In 1936 noted sociologist Robert K. Merton popularized the concept of "unintended consequences" in his paper, "The Unanticipated Consequences of Purposive Social Action." It is interesting to juxtapose Merton's observations with the flurry of financial services regulation reform proposals that have surfaced in Washington over the past 18 months.
"The most obvious limitation to a correct anticipation of consequences of action is provided by the existing state of knowledge," Merton wrote. "The extent of this limitation may be best appreciated by assuming the simplest case where this lack of adequate knowledge is the sole barrier to a correct anticipation."
As we head into 2010, several bills lingering in Congress vary in scope and severity in terms of the extent to which they would, if enacted, change the way insurance is regulated. One bill put forth by Senate Banking Committee Chairman Chris Dodd (D-Conn.) would strip the Federal Reserve of its powers and replace it with three agencies. Then there is a list of bills that seek to create some sort of federal insurance office -- from the more benign Office of Insurance Information to the less defined Office of National Insurance -- that would give the federal government the ability to pre-empt state law, something those in favor of keeping state-based regulation, including the National Association of Insurance Commissioners (NAIC), fear could work to usurp the current state-based system.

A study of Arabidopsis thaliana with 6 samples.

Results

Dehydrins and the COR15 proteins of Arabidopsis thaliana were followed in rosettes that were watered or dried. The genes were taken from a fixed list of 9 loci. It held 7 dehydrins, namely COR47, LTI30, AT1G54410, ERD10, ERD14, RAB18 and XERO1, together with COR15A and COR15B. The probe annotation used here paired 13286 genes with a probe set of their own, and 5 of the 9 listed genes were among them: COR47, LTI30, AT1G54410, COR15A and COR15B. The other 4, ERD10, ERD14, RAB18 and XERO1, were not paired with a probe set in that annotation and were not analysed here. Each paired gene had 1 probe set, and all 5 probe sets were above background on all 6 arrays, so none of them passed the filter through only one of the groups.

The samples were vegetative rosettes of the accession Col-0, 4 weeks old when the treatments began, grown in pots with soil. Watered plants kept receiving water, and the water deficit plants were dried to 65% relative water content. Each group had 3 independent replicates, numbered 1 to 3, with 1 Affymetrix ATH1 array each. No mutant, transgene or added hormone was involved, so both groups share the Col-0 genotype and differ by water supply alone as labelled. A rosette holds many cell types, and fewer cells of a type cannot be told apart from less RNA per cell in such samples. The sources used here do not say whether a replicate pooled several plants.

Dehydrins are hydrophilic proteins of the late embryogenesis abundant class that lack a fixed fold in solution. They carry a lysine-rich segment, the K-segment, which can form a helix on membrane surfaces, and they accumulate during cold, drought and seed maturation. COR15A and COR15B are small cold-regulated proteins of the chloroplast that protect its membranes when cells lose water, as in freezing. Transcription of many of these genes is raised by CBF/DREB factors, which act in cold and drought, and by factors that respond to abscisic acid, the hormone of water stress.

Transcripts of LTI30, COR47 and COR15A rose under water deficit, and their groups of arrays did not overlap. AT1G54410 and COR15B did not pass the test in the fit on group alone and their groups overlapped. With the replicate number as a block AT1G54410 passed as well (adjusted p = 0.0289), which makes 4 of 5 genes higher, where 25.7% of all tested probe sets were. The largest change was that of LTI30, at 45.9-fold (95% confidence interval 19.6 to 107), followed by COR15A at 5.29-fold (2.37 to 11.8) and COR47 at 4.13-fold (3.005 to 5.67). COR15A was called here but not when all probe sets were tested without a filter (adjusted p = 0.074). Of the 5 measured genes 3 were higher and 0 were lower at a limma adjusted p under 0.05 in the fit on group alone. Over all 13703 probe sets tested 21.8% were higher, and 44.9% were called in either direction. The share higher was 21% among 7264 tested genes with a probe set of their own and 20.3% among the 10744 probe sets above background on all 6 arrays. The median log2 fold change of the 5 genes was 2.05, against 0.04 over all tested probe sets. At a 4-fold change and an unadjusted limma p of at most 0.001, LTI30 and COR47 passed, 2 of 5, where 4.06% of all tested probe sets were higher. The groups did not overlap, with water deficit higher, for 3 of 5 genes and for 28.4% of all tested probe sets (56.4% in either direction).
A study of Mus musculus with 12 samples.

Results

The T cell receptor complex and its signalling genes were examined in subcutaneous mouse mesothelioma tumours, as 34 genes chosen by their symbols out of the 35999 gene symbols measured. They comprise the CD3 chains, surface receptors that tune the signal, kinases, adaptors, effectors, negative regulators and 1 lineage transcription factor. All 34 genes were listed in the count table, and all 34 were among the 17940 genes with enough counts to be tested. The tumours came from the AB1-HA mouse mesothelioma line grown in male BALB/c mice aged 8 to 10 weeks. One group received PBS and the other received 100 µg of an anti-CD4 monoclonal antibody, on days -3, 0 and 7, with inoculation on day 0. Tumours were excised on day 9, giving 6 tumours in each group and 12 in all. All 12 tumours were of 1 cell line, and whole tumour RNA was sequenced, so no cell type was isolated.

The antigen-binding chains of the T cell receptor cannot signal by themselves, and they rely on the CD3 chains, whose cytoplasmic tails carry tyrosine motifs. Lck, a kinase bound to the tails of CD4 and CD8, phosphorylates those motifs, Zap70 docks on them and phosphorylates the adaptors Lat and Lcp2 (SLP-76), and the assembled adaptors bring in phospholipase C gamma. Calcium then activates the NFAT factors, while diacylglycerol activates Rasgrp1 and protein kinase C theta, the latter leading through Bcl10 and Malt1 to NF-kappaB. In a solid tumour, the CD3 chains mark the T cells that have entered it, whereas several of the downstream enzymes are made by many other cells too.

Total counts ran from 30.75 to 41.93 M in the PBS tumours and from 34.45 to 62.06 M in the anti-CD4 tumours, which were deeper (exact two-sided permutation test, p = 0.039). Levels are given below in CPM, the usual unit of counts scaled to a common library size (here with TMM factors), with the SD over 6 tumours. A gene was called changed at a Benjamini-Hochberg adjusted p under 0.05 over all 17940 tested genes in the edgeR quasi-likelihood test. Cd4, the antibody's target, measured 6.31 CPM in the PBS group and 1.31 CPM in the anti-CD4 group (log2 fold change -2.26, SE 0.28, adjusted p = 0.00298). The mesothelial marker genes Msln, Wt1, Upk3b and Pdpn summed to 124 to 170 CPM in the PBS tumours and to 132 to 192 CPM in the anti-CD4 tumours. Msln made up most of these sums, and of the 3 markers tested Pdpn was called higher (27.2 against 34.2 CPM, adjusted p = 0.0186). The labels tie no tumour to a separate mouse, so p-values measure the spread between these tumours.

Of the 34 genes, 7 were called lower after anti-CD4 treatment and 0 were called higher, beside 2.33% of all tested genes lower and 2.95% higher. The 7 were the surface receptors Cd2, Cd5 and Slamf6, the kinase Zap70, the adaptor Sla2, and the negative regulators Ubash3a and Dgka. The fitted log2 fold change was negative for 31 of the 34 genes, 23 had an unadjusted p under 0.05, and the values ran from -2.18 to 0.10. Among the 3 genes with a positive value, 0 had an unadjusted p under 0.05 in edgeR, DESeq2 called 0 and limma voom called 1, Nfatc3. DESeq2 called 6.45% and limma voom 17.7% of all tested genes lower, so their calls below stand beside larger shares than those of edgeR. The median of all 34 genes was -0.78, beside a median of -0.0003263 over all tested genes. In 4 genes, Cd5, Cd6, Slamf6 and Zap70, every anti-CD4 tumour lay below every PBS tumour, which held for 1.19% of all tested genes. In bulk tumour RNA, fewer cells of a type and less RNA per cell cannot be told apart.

The bottom line is that no matter where you stand on how insurance should be regulated, two things on the regulatory front are certain: There will be change, and that change won't be easy.
A Ripple Effect
It's not too far of a stretch to suppose that the vehement and vigorous debate currently on the table is most likely to continue long after bills are passed and signed into law by President Obama. Historically, in the rush to plug sections of the system that suddenly seem to be broken, other, unintended issues may surface as a result of the "repair."
One of the more recent examples is the Sarbanes-Oxley Act of 2002. Put in place in answer to malfeasance seen in the corporate sector, the law is aimed at bolstering internal controls over financial reporting. Supporters of the edict have praised its ability to strengthen corporate accounting controls, while critics have said the cost/benefit does not add up and that the law has hindered international competition. And while Congress is currently weighing whether to grant a reprieve for smaller companies, starting in 2011, non-public companies that meet a certain threshold are required to comply with SOX-like best practices that the NAIC has written into its Model Audit Rule.
Moving forward, victors in the regulatory overhaul debate may indeed seek to deem the new rules a success. Buzz words and phrases that make people feel comfortable, such as "consumer protection," "level global playing field," "putting the reins on 'too big to fail' " will likely rule the day for a while.
But what happens when everyone heads back to the office to try to figure out what it all really means? Will there be added compliance costs leveled at insurance companies and the consumers they serve? Will there be confusion and stresses put on the industry that weren't there before? And will there be overlapping, dual regulation between the state and federal levels, despite promises to the contrary?
There will be consequences, and that may not be a bad thing. It's the unintended ones that we need to watch out for.